The mozzarella cheese is being produced at Rødkærsbro dairy in Denmark. It needs to mature in specially designed maturing bags for about two weeks. The plastic films need to be multi-layered for food safety reasons, but this also means they cannot be recycled through mechanical recycling which is the industry standard across Europe. Therefore, the only option so far has been to send them to incineration after fulfilling their essential role in the production process.
To achieve a higher grade of recycling and as part of Arla’s commitment to improve circularity and eliminate the use of virgin feedstock, SÜDPACK and the farmer-owned dairy cooperative are carrying out a large-scale test using chemical recycling to convert 80 tonnes of plastic waste into new packaging.
“Instead of sending our plastic films to incineration, resulting in a one-off energy gain, we recycle them and use the recycled material to create new packaging thus reducing the carbon footprint as well as the need for virgin fossil feedstock. It might sound obvious but in the complex world of recycling this is an exciting step in our journey towards fully circular packaging,” says Grane Maaløe, Lead Packaging Development Manager at Arla Foods.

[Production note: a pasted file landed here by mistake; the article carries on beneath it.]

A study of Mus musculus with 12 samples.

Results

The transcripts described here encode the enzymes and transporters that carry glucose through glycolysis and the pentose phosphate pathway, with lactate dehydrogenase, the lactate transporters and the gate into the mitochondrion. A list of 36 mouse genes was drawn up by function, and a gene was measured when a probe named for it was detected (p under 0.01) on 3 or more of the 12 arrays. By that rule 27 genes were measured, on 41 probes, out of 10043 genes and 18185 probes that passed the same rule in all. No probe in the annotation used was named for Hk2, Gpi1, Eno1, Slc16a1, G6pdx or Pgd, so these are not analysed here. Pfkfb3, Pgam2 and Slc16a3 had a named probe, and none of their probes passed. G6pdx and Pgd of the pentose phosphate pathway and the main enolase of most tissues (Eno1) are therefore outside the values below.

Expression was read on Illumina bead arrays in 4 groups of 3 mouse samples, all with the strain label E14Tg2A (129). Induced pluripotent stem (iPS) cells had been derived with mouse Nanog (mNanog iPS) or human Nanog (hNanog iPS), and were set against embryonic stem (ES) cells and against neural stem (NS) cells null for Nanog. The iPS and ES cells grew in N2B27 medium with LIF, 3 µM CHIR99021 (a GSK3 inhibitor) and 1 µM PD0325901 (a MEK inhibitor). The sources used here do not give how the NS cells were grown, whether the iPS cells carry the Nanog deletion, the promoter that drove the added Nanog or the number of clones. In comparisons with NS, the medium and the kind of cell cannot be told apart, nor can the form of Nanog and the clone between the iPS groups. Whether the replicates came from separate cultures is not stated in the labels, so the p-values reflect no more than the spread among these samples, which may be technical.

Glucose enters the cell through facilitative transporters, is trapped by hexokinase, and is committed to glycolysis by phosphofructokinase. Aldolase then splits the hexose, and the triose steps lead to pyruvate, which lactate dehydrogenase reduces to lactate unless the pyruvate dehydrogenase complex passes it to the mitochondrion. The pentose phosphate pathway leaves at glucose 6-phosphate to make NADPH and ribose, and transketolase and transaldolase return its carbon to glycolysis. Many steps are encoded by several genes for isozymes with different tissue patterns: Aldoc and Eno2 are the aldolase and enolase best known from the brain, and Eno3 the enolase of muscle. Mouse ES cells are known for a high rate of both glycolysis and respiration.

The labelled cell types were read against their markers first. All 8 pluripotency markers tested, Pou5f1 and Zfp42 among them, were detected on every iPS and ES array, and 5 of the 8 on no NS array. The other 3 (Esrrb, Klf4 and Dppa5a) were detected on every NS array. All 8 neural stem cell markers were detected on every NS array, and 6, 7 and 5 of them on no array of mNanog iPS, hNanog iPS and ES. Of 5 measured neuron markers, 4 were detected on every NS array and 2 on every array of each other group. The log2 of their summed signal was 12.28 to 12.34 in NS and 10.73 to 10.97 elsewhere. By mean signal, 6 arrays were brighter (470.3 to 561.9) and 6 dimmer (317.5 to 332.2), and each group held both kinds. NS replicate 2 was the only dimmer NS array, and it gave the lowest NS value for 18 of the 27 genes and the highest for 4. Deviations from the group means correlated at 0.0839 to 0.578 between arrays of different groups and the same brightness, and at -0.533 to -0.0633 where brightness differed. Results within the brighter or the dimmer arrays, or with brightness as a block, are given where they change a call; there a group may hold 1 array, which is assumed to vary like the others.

Even if the maturing bags were suitable for mechanical recycling, it wouldn’t be allowed to bring the recyclate into food contact material again. As a result the films wouldn’t be recycled as new food packaging but downcycled and used for something else and exiting the loop.
“Utilising the processing capabilities at Carboliq, our chemical recycling plant in Germany, we can ensure that the films produced for Arla’s cheese maturing purposes does not exit the loop but instead is recycled into new packaging. One tonne of mixed plastic does not equal one tonne of new packaging, but it does reduce the need for fossil feedstock and it paves the way for increased investing in this infrastructure going forward,” says Dirk Hardow from SÜDPACK.